Celebration of Eid-ul-Adha, the second largest religious festival of Muslims, has never been an easy task during the season of monsoon. Unlike Eid-ul-Fitr, there is no scope of enjoying a rainy Eid day with just good food and hot cups of tea.
You have to be out there (at least in your apartment’s garage), sacrifice the cattle, watch the skinning and chopping of meat, wait for an infinite period in front of the elevator with a bucket full of meat that weighs 15 kilos, and have to handle the utter chaos created by the ‘Qurbani meat seeking’ crowd.
All this becomes even more difficult and unpleasant if there is rain. The soggy and slippery ground marked by blood and cow dung and the prolonged foul odour caused by the vapour and humidity represent anything but a celebratory image. But none of this was as bizarrely grotesque as the one witnessed by the Dhakaites during the last Qurbani Eid.
The river of blood that occurred on the morning of September 13, 2016 was long overdue though. In a capital city of 17 million, a significantly insufficient and inefficient sewerage system, rain of over 140 mm for three hours, a blissfully ignorant part of the city mob (unfortunately they represent the largest slice in the pie) and a few hundred thousand sacrificial animals is all it takes to create such chaos.
Could this happen again?
All sorts of weather prediction websites and apps (including the one of the Met department of the government which has surprisingly become very efficient in the last couple of years) are showing heavy rain with thunderstorms from September 1-3. Given the fact that the capital has already witnessed severe waterlogging this monsoon, it’s not hard to anticipate waterlogged roads and streets on those days of continuous rain as well.
The sewerage network of the capital has long been in a sorry state and it hasn’t improved a bit from last year. Data available from the Dhaka Water Supply and Sewerage Authority (Wasa) shows that the capital has 370-km storm sewerage networks, and 2,840 km long surface drains to discharge rain water into 22 canals.
This data was the same last year. A study of the Urban and Regional Planning (URP) Department of BUET stated that at least five lakh new people migrate to the capital each year, so it can be assumed that the sewerage disposal system has only gotten worse this time, with no change to the drainage system but a much higher number of people using it.
Are we prepared?
On August 11 this year, at a meeting with all the mayors of 11 city corporations in the secretariat, Local Government, Rural Development and Cooperatives (LGRD) minister Khandker Mosharraf Hossain informed that the government has fixed 6,233 spots in the 11 city corporations and 53 district towns for slaughtering sacrificial animals this year.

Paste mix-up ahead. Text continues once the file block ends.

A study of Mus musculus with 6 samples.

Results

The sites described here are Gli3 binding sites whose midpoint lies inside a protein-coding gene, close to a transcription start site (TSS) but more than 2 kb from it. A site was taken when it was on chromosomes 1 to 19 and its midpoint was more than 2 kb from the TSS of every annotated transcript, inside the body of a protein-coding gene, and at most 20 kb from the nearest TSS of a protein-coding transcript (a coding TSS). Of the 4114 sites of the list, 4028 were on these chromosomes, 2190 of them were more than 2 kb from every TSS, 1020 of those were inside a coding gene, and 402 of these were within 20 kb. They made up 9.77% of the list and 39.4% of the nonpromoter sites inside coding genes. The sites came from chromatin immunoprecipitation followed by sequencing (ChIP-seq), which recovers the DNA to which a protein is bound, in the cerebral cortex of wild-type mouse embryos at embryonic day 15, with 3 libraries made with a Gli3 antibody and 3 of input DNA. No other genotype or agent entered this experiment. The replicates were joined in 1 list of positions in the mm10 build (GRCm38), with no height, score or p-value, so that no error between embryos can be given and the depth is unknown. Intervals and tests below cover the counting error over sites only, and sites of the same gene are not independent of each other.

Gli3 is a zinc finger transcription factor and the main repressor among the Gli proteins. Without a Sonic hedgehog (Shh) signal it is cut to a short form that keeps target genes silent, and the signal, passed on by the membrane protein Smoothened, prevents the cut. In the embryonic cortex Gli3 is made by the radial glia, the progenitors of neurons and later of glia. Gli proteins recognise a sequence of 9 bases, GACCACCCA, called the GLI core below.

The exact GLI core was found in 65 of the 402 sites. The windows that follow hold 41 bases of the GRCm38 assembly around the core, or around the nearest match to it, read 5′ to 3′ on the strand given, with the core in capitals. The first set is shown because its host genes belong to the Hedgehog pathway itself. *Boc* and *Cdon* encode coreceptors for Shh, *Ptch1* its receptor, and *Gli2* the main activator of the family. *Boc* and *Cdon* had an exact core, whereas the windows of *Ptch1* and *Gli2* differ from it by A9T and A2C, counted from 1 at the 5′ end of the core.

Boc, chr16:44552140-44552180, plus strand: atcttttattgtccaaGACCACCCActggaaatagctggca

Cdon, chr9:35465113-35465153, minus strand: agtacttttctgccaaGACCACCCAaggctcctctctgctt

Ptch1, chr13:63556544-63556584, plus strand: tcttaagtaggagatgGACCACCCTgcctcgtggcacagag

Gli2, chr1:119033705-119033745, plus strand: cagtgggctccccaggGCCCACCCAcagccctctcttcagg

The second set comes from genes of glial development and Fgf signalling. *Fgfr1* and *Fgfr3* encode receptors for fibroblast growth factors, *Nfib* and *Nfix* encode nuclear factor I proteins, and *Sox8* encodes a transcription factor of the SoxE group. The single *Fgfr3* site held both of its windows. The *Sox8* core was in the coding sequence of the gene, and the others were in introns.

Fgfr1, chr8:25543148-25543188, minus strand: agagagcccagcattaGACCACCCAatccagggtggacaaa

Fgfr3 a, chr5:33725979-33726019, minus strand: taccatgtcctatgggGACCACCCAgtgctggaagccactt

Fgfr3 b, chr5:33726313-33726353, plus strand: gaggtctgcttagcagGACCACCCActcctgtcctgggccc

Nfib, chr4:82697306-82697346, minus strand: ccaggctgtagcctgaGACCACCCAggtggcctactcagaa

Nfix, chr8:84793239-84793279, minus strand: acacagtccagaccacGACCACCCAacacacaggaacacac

Incidentally, this fixing of designated spots for cattle sacrifice was started last year by the two mayors who, with their honest intentions, thought it would be of benefit to city dwellers, since it would have saved them the bother of having to slaughter the animal near their vicinity, and the responsibility of cleaning up afterwards.
However, despite a total of 1,152 spots around Dhaka that were being designated as sacrificial locations, many citizens chose (or were forced by the rains) to slaughter animals in their garages, on the streets, and in alleyways near their homes.
When this came up during the meeting on August 11, the LGRD minister said that about 73 percent of people last year went to the designated spots to sacrifice cattle. He hoped that this year the percentage of people will be even more.
People will be informed about the designated spots through loudspeaker 10 days ahead of Eid-ul-Azha and the authorities concerned of the city corporations have been asked to take necessary steps to inform others through SMS services, two weeks ahead of Eid.
The authorities concerned of the city corporations and the municipalities have also been asked to open a control room for monitoring the slaughtering process and ensuring removal of waste, said the minister.
Meanwhile, two city corporations of Dhaka are also gearing up for clearing the city after the sacrifice as soon as possible. With the deployment of additional staff, there will be 10,544 cleaning workers in Dhaka to remove Qurbani waste within the targeted time of 48 hours. The city corporations will also engage waste carrying trucks equipped with modern equipment.
So, from the government's side, it seems that, despite severe infrastructural limitations, they are taking all-out preparations to make sure that a river of blood doesn't happen again in Dhaka. But if the citizens don’t cooperate and take the easier option of sacrificing cattle in their alleyways, then finding pictures of another ‘river of blood’ on social media is just a matter of time.